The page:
George Ou writes on his ZDNet blog:

Phil Zimmermann criticizes existing VoIP cryptographic solutions for relying on PKI.  Given the fact that Zimmermann’s PGP technology has always been an alternative to PKI based technologies, one can expect a bit of a natural bias against PKI-based solutions.  Just about every other PKI-alternative cryptography company has gone as far as declaring PKI dead even tough PKI has been thriving for the last decade with E-Commerce leading the charge in a massive global PKI implementation.  I’ve personally designed and deployed many PKI solutions for large corporations for all sorts of security applications ranging from remote VPN access to wireless LAN security, and I can attest that the technology is simple, scalable, and reliable.  It’s an undeniable fact that any solution that promises to bypass PKI always end up being more trouble than it’s worth.

While there does seem to be growing evidence of PKI "winning" the war of trust, this is likely not a zero-sum game – the two can coexist easily. In fact, Zimmermann highlights the real difference quite clearly – either a hierarchical, organized key management system (PKI) is useful within your enterprise, or it’s not (PGP). And if you have both, you build a bridge.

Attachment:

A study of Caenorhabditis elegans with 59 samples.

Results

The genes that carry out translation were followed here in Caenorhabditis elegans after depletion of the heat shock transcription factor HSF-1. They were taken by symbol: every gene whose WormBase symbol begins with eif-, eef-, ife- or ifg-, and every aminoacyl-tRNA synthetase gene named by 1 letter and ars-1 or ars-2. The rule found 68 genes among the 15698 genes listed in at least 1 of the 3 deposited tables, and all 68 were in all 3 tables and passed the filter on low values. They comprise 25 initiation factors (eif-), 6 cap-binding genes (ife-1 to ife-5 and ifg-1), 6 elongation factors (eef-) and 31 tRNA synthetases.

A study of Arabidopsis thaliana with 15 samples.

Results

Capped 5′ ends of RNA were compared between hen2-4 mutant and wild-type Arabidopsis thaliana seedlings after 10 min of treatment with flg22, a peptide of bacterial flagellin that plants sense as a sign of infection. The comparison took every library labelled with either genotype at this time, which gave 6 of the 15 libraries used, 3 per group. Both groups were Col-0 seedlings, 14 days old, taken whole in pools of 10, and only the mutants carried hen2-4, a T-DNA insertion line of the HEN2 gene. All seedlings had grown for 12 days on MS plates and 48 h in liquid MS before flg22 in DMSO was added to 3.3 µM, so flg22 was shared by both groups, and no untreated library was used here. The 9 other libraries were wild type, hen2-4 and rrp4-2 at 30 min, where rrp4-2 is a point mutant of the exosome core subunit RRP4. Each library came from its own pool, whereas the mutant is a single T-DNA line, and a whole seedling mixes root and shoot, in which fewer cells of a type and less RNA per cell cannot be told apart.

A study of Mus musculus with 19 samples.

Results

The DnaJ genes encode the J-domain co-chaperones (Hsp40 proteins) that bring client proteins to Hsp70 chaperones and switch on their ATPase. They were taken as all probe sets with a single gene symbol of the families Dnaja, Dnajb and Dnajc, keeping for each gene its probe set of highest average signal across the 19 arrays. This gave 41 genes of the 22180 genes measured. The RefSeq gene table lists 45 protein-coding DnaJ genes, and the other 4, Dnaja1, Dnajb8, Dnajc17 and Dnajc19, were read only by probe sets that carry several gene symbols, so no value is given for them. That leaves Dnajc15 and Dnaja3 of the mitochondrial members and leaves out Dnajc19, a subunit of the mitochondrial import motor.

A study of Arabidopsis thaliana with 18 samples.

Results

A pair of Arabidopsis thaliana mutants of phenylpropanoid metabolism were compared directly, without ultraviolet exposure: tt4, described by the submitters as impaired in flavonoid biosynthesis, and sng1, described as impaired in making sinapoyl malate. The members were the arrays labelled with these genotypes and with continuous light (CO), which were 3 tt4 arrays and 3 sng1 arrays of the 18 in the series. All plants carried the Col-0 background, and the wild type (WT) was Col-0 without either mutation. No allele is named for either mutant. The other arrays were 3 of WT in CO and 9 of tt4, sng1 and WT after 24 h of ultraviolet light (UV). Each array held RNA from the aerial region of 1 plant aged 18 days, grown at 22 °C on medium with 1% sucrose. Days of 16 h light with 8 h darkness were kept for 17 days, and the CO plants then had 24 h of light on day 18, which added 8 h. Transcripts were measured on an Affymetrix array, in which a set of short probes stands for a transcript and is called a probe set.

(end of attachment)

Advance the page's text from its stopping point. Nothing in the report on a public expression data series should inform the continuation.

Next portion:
It is surprising to read Ou criticizing Zimmermann’s bias without addressing his own (as a "personal designer and deployer of many PKI systems"). What’s more, to suggest there is such thing as an "undeniable fact" within the confines of his argument is outright laughable and stoops to the kind of rhetoric people use to support a weak argument. I am not sure why he chose to use this kind of "chump change" in an argument that I believe is fairly strong to begin with.

As with all technology, PKI is always evolving. What may have been true 7 or 8 years ago isn’t necessarily true today. Key management and identity validation have always been the strong points of a PKI, and always will be, but there are many, many hybrid solutions (Certificate Management Solutions?) out there that are good enough for whatever problem they are trying to solve.